Success in the five-furlong contest was the middle leg of a Group One treble for the the six-year-old last summer, with her Knavesmire triumph sandwiched by two other top-level wins in the Prix Maurice de Gheest in France and the Flying Five in Ireland.
Having twice run well in defeat at Royal Ascot in June, Highfield Princess enjoyed a confidence-boosting win at Goodwood three weeks ago and hopes were high that she could successfully her crown – but in Live In The Dream she faced a rival who had failed to read to script.
With her regular partner Jason Hart in the saddle, Quinn’s ace looked to be perfectly positioned throughout as she tracked a fierce pace set by the Adam West-trained outsider. But try as she might, Highfield Princess was unable to reel in the all-the-way winner, with a length separating them at the line.
“She ran a great race, well done to the winner – that’s racing,” Quinn said. “The winner got away and well done to them. She’s run a fantastic race and she’s a horse of two lifetimes.
“As long as she’s all right we’ll go to the Curragh (Flying Five), that’s the plan.”
Three-quarters of a length behind Highfield Princess in third was her Royal Ascot conqueror Bradsell, who had been kept fresh by Archie Watson since that victory in the King’s Stand.
There is every chance the pair will lock horns again before the season is out.
Lake Forest highlighted his potential star quality when storming to Al Basti Equiworld Dubai Gimcrack Stakes.
William Haggas’ charge was sent off 16-1 for the Group Two contest, but he arrived at the Knavesmire with some smart form in the book having finished second to Jasour in the July Stakes earlier in the season.
Archie Watson’s Action Point had led the field along for the majority of the six-furlong event, but it was those on the near side that came to the fore in the closing stages with the son of No Nay Never and Aidan O’Brien’s Windsor Castle second Johannes Brahms bursting clear to dispute the outcome.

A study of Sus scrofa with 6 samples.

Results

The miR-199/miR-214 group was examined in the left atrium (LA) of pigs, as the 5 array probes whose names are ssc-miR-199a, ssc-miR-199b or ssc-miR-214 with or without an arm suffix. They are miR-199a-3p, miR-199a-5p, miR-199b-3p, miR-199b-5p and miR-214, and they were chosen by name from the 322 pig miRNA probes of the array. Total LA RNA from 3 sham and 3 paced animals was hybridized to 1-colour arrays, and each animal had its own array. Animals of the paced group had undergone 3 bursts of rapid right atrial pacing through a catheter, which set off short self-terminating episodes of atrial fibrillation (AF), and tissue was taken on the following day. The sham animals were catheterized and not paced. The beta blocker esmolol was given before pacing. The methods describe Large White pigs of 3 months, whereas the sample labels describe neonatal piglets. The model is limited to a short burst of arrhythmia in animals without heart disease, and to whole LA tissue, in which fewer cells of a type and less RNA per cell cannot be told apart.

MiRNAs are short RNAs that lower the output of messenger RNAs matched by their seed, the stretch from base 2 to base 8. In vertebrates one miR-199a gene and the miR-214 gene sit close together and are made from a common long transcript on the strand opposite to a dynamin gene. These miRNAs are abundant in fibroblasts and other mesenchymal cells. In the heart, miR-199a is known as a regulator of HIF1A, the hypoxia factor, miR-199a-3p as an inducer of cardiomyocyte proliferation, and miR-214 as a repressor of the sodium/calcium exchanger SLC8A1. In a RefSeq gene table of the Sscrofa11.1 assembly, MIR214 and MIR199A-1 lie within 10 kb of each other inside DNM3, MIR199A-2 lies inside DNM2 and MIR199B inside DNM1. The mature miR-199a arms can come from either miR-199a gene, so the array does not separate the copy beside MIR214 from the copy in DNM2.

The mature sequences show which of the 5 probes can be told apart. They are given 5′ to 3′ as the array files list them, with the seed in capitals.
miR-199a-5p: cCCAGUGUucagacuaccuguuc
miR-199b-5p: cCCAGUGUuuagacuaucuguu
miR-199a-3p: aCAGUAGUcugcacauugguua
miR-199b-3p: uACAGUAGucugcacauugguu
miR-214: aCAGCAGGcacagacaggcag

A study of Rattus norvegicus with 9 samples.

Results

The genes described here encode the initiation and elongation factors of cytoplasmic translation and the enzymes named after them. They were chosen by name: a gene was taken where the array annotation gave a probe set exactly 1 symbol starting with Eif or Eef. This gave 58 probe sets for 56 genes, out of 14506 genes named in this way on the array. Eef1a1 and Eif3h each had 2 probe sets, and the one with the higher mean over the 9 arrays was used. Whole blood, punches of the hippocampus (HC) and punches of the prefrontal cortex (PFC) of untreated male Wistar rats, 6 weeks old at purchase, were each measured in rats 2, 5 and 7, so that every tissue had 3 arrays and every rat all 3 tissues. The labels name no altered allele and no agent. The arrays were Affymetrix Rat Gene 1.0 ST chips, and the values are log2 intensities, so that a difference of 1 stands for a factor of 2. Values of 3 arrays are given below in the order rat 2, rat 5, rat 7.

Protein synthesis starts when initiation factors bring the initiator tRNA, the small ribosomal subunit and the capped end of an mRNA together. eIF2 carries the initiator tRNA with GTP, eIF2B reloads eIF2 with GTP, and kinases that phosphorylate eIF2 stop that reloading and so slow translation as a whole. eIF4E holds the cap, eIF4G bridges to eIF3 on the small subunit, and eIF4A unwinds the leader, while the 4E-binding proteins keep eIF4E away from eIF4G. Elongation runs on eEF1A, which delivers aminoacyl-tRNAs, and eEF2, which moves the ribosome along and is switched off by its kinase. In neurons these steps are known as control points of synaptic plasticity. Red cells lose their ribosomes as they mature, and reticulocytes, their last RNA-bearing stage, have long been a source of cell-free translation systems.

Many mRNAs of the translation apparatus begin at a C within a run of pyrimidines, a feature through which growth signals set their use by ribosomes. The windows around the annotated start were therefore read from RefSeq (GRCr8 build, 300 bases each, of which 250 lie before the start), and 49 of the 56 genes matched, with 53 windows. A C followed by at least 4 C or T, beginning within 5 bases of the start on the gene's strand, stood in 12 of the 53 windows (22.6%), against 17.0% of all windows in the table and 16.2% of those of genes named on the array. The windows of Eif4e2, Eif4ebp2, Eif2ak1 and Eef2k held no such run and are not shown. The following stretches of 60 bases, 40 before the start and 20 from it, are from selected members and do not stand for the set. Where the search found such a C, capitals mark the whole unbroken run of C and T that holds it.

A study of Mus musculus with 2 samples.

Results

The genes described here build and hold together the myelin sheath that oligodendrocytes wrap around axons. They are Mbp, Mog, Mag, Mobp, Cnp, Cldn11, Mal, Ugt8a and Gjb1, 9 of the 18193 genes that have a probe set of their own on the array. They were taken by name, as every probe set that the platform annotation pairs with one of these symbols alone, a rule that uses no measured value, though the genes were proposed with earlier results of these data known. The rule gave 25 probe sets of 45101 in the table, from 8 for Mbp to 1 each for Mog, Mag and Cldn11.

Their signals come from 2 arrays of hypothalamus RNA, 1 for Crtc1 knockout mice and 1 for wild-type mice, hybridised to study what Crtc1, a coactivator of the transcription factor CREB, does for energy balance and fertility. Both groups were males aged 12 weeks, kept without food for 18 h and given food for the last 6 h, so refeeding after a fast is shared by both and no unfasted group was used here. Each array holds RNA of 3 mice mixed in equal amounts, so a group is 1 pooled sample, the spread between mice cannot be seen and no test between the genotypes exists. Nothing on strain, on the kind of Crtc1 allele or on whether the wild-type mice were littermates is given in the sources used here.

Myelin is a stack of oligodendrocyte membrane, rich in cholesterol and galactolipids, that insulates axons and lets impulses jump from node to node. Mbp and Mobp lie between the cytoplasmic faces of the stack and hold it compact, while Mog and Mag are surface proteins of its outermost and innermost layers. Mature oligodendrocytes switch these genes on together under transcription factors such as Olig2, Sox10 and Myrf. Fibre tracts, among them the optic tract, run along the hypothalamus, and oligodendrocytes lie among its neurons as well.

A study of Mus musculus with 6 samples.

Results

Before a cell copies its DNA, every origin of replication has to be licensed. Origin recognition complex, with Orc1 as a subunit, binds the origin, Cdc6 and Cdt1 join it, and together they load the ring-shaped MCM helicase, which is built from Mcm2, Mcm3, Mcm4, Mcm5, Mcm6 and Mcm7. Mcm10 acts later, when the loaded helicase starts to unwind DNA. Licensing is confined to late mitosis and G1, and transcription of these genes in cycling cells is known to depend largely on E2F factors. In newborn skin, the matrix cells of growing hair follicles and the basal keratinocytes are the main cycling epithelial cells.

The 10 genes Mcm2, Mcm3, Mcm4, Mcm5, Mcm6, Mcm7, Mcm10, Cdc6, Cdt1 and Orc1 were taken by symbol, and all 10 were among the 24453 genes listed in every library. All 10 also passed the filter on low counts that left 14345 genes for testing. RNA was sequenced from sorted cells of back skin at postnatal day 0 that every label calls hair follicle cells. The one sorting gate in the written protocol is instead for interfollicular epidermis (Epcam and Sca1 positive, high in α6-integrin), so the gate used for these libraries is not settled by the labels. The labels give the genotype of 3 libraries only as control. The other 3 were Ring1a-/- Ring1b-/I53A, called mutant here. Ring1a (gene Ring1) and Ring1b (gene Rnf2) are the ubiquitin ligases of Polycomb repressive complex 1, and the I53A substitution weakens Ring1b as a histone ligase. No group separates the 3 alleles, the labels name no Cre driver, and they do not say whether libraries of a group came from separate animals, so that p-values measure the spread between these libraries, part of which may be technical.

It was Tom Marquand’s mount who pulled out extra and powered home to score by a length from the Ballydoyle challenger.
The final day of the festival sees Frankie Dettori link up with Willie Mullins as the Closutton handler unleashes a two-pronged assault on the Sky Bet Ebor.
Mullins won the prestigious handicap in 2009 and although always having the race circled on his calendar, has been out of luck on subsequent visits to the Knavesmire.
This year it is Royal Ascot runner-up Absurde and one-time Group Three scorer Jackfinbar that carry the hopes of the multiple champion National Hunt trainer, and he has called up a crack team of jockeys with Dettori set to reunite with Absurde for his York swansong, while William Buick is on board the latter.
“Both horses are in good shape,” said Mullins. “We have one inside and one outside after the draw. Both jockeys are in good form and we’re looking forward to the race.
“It’s a race we look at every year if we have something good enough and qualified to go for it, so we’re hoping for a good run.”
Elsewhere, the high-class Nostrum bids to get back to winning ways in the Sky Bet And Symphony Group Strensall Stakes.
Sir Michael Stoute’s talented son of Kingman has won three of his five career starts and having missed the first half of his three-year-old campaign through a setback, returned in imperious fashion in the Sir Henry Cecil Stakes at Newmarket.
With conditions set to be in the colt’s favour on the Knavesmire, connections are hoping to see their exciting prospect bounce right back to his best in a contest the handler has won twice since 2017.